Bankside food while carp fishing needs to be tasty, but quick and easy to prepare. So aside the fry up what can you eat?
The main problem you get cooking on the bank is lack of space and only one or at the most two cooker rings. I’ve used a Coleman double burner in the past and these are quite good, but make a real mess of your cookware and it is hard to get a low enough heat to simmer properly without burning the food. I have also used gas with a Campingaz stove, but I’ve seen some excellent ones by Primus also. Recently I’ve started cheating by using my Westfalia Campervan wherever possible. I still only get two hotplates though, but the fridge and running water help immensely.
So which recipes do I cook on the bank? Well I hate tinned food! I see guys turn up with loads of horrendous, heart attack inducing stuff in tins. Most are full of E numbers, MSG and sugar. No, I prefer fresh food where possible, even if it means going out on a regular basis to the supermarket to stock up. These are my top five recipes while on the bank.
- Chicken Tikka Masala: This is my version of the classic Indian dish. A couple of Chicken breasts per person. I sauté these in a bit of olive oil with a chopped onion and some garlic. Once browned I add the spices (you can use these readymade or by combining a few Indian spices). To this I add a Natural yoghurt, the juice of a lemon and some water and simmer for about 20 minutes on a low heat, stirring from time to time. Once the chicken is cooked I add a carton of coconut milk and simmer for about 10 minutes more to reduce the sauce down. Serve with basmati rice and a green salad. A bottle of red Bordeaux adds the finishing touch.
- Chilli Con Carne: Brown some minced beef in a pan with an onion and some garlic. Add a tin of chopped tomatoes and some chilli powder to your taste. I let this simmer for 20-30 minutes on a low heat until the beef is well cooked and the sauce reduced. Five minutes before serving I add a tin of red kidney beans. Once these are warmed through I serve with some white or whole meal rice. Don’t forget the bottle of red Burgundy.
- Pasta al Pesto: There are loads of great fresh pasta dishes in the supermarkets in France you get Buitoni, Lustucru and Rana for example, all ready in under 10 minutes. For this recipe I use the fresh ravioli stuffed with basil and ricotta cheese. You cook these in boiling water for 2-5 minutes with some salt and a drib of olive oil. Once they start to float up, (just like doing boilies) they are ready. Sieve and return to the saucepan. Add a tub of fresh (if you can get it) pesto sauce (bottled if not, but it’s not as good) and stir briefly over the heat. Serve and sprinkle liberally with fresh grated parmesan cheese. Serve with a bottle of Chianti if you want to remain Italian and a piece of crusty French bread.
- Steak and Sauté potatoes: You’ll need a large rib eye steak each (Entrecote in French); a kilo of spuds, some cubed bacon (lardons in French) and an onion. Cut up the potatoes into small cubes, and dice the onion. Fry over a gentle heat in some olive oil. Once the potatoes are browned add the lardons. Continue to fry until all is cooked, browned and smelling delicious. In a second pan (you’ll need a double burner for this), add a little oil to the pan and heat under a high flame. When the oil is hot add you steaks one at a time. Cook them briefly on each side a serve rare with some Dijon mustard. A bottle of red Bordeaux is an essential part of this meal too.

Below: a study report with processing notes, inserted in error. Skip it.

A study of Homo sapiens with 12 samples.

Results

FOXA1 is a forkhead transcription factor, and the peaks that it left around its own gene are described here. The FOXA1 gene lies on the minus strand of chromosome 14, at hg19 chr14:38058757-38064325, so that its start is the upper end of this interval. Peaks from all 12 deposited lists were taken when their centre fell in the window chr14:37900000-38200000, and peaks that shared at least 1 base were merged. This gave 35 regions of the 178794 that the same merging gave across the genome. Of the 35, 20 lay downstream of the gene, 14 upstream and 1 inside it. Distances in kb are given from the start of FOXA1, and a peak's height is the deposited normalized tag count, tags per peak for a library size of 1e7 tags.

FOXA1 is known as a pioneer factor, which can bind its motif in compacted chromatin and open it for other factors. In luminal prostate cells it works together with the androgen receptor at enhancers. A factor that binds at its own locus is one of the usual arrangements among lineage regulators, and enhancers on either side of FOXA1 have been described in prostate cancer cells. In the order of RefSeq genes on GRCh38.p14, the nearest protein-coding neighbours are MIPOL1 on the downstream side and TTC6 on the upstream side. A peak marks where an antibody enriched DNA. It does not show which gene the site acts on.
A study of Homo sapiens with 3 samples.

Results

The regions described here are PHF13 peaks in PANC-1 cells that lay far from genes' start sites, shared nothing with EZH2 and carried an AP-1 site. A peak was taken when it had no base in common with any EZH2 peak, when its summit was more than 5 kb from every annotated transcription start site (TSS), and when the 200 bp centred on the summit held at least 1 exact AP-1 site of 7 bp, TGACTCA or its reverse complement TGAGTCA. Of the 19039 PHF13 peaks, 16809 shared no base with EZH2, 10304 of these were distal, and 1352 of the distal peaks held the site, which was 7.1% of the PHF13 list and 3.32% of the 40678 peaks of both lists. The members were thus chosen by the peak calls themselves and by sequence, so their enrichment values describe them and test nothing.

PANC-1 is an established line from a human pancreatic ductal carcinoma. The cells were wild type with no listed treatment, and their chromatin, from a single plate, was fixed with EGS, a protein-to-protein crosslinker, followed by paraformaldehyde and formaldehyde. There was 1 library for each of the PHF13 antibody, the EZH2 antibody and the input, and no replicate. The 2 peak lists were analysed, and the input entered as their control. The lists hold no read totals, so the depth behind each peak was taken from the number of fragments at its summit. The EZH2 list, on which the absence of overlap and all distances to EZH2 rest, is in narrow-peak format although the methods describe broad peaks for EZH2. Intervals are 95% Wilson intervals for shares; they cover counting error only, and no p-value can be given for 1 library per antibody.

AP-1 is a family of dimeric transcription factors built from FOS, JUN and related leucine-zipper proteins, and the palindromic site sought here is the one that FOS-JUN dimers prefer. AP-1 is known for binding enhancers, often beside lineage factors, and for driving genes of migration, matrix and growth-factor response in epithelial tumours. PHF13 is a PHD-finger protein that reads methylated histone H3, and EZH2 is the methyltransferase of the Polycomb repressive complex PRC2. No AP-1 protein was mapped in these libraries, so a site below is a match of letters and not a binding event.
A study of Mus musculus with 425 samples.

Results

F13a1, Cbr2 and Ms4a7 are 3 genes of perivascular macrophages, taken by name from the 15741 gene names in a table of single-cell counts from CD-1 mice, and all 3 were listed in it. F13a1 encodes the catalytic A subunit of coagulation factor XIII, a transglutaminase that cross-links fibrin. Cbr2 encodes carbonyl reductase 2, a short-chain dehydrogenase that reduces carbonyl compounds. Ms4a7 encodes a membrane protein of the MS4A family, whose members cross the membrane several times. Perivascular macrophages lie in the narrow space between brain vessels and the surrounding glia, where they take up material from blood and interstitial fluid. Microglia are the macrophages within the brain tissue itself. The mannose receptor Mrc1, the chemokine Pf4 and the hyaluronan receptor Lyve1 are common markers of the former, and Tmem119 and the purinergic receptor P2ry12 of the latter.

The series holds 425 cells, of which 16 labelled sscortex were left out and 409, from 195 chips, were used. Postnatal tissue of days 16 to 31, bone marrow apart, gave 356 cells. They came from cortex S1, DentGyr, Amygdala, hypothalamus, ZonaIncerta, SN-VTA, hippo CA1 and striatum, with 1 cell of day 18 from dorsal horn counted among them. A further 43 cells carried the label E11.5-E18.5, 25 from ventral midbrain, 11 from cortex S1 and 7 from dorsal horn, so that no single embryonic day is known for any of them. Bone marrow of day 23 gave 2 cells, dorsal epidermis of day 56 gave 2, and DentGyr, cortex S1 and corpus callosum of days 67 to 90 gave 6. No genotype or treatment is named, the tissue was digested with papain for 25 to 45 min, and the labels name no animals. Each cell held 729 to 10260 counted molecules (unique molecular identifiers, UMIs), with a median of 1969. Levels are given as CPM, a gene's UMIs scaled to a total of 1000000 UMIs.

- Baguette Cheese & Paté: Some of the simplest yet tastiest French meals require virtually no preparation. For this you need the freshest, crispiest French bread; a selection of French Patés and some cheeses. Combined with a bottle of wine you have a fabulous quick and tasty lunch. A word about the patés & cheeses. There are dozens. On the paté front I like the Paté de Campagne (Coarse Country paté), Rillettes (Potted pork paté) and Paté de Foie de Canard (duck liver). For the cheese I like Brie, Coulommiers; Roquefort, Boursin (herbes & garlic) and Comté. There are hundreds of cheeses you’ll need to get stuck in and try a few. Again as always you need to wash it all down with a bottle of red.. I’d suggest a Cote du Rhone for a lunch time tipple.
3 thoughts on “Carp fishing cuisine – my top 5 bank side recipes”
I also enjoy eating out on the bank. the French have certainly got this right. I was fishing in France last year when a group of French anglers invited myself and my mates for an aperitif and a BBQ. We really enjoyed it. Spot on.
Got to agree with you there Gareth on the horrors of tinned food!!!
Here at Genets I would say about 95% of our visiting fishermen go for the food package option but over the last few seasons we’ve had a few who have turned up armed with a variety of tins, packets & of course not forgetting crisps & biscuits, proceeded to verge on almost falling out with each other over who’s turn it is to cook, (don’t worry about the washing up, do it tomorrow).
One guy spent the entire week eating only pot noodles!!
In most cases they leave us saying ” When we come back next year we’re definitely taking the food package, its too much hassle bringing all those tins & things away”
Certainly cannot beat fresh food….not forgetting the wine to wash it down with of course!!
Nice to hear from you. I suppose to do food properly you need to enjoy cooking, I happen to enjoy so find it no more of a chore to cook on the bank than at home.
For anglers who hate it or have their wives cook for them at home, I agree entirely lakes offering food packages are a boon.
I’ve had the good fortune to sample your cooking so I can certainly say even though I enjoy cooking, as a guest at you venue I would go for the full monty package.
When have you ever known me forget the wine though?? .LOL!!